051716_transferMore than 80 percent of students starting out in community college say they want a bachelors degree. Yet within six years of entering a community college, only 14 percent of community college students will earn one, prior studies show.

“Transfer outcomes for students who start at community colleges are frankly deplorable,” Josh Wyner, vice president and executive director of the College Excellence Program at the Aspen Institute, said in a phone interview on Friday.

The Transfer Playbook: Essential Practices for Two- and Four-Year Colleges, a report produced by the Aspen Institute and the Community College Research Center (CCRC) at Teachers College, Columbia University takes a closer look at community college transfer outcomes. They found that when both two- and four-year schools take ownership of easing the transition between institutions for students, the results tend to be much better.

“Colleges have to start thinking about students before they arrive and after they leave,” Wyner said, adding that while colleges are typically concerned with enrollment, they are now also facing pressure to be accountable for student outcomes.

Although statistics indicate that many community college transfer students might not ever achieve their goal of a bachelors degree, some community colleges and universities are in fact serving transfer students well, the report found. CCRC and Aspen looked at community colleges in Colorado, Connecticut, Florida, Louisiana, Massachusetts, and Washington that have demonstrated particular success with their transfer student population.

Many states promote articulation agreements between two- and four-year schools, which are intended to ensure that credits earned at one institution will carry weight at institutions they later apply to or transfer to. The report found that in addition to statewide policies, strong relationships between community colleges and universities helped tailor course offerings and credit transfers to ensure that students were able to move between two- and four-year schools.

“We have often acted as though state policy alone can solve problems,” Wyner said. “I think what our research is showing is that institutional practice does as much, or more, as does state policy.”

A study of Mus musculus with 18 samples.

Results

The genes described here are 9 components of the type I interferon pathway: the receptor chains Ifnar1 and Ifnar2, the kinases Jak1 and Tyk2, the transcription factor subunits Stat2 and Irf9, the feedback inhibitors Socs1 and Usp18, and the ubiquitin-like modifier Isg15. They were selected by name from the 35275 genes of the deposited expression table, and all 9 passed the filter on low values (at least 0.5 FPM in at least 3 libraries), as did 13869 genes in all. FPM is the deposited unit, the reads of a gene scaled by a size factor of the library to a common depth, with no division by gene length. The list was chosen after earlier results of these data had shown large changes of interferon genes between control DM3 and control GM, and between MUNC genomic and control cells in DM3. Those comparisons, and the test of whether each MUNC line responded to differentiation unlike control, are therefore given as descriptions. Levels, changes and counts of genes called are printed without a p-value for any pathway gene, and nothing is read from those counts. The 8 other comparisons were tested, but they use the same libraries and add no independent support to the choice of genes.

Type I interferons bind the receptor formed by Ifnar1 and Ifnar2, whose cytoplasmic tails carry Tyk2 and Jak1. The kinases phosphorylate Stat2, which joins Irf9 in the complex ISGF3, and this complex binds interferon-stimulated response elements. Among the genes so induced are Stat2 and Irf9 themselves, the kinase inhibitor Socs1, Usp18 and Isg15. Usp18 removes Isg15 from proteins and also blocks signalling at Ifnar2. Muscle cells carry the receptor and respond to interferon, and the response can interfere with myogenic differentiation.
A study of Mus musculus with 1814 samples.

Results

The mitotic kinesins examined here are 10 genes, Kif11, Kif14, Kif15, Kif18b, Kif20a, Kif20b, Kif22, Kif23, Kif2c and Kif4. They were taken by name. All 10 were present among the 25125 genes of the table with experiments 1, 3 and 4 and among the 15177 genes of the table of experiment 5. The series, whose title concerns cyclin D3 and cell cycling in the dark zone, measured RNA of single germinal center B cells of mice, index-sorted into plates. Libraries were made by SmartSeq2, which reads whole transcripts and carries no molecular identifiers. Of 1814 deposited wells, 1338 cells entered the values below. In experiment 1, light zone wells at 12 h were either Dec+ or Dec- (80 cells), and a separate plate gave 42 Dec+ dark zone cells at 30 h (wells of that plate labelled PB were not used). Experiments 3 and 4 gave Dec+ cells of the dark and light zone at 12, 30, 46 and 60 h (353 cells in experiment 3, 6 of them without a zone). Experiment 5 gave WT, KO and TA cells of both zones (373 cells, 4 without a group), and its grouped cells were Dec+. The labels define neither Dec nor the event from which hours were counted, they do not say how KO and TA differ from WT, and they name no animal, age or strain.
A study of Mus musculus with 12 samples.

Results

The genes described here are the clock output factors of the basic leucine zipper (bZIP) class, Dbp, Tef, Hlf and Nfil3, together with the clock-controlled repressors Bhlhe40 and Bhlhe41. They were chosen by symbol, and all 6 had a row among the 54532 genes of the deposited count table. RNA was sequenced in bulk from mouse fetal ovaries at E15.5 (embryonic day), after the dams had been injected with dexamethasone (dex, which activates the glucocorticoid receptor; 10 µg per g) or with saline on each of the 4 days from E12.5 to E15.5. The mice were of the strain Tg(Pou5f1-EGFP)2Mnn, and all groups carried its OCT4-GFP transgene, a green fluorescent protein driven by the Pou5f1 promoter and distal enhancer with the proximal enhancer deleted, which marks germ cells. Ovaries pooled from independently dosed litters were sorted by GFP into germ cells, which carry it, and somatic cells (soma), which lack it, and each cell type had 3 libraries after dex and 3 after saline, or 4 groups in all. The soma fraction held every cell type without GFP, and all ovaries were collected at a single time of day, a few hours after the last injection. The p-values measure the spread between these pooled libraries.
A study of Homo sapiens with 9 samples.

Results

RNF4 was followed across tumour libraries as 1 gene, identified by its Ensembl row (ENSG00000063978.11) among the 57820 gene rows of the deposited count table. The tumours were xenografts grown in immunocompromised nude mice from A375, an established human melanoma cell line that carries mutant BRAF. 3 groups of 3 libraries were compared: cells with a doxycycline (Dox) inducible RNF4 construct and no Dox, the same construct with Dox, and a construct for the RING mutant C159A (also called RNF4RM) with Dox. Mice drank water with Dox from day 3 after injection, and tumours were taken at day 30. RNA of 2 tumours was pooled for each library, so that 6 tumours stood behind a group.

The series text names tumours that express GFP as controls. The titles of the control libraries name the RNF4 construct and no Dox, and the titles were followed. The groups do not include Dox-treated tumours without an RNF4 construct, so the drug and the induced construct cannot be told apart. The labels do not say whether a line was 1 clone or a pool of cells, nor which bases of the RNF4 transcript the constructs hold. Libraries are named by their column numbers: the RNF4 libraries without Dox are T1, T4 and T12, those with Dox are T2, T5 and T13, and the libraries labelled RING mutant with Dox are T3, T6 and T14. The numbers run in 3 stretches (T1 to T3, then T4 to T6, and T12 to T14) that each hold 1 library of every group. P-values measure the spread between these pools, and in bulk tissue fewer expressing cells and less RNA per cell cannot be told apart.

According to the report, three broad strategies were noticeable in examples of successful community college and university transfer partnerships. First, institutions must make transfer student success a priority, from their first day at a community college to their graduation from a four-year school.

One way that community colleges might prioritize the needs of their transfer students is to design their courses to match course requirements at a corresponding university, the report said, adding that community colleges and universities are best served when presidents, deans, and faculty, communicate across institutions about course requirement changes and other salient information.

Secondly, institutions must create clear pathways for transfer students, at both the two-year and the four-year institution. At Everett Community College, in Washington, students are provided with a course map which shows which classes they must take in order to qualify for junior standing at Washington State University. Other community colleges and universities across the country have created their own, similar course mapping tools.

Finally, the report found, community colleges must provide tailored advising to prospective transfer students. Specifically, community colleges can help students determine their academic interests early on, along with majors of study and which institution they plan to transfer to. Colleges can also track students’ progress, and intervene if they show signs of falling off track.

While building relationships between community colleges and universities typically takes effort from multiple institutional stakeholders, the incentives are already in place to do so. Public institutions of higher education are increasingly tuition dependent, as states disinvest in the infrastructure of education, meaning that community colleges will be an increasingly attractive, and affordable, option for students. As a result, institutions will be incentivized to build strong transfer paths to keep enrollment numbers steady.

“As tuition increases and families have to pay more out of their own pockets, students who in the past maybe would have gone straight to the state university, are going to the community college. This was clear at many of the institutions that we visited,” said Dr. Davis Jenkins, senior research associate at CCRC.

Catherine Morris can be reached at [email protected].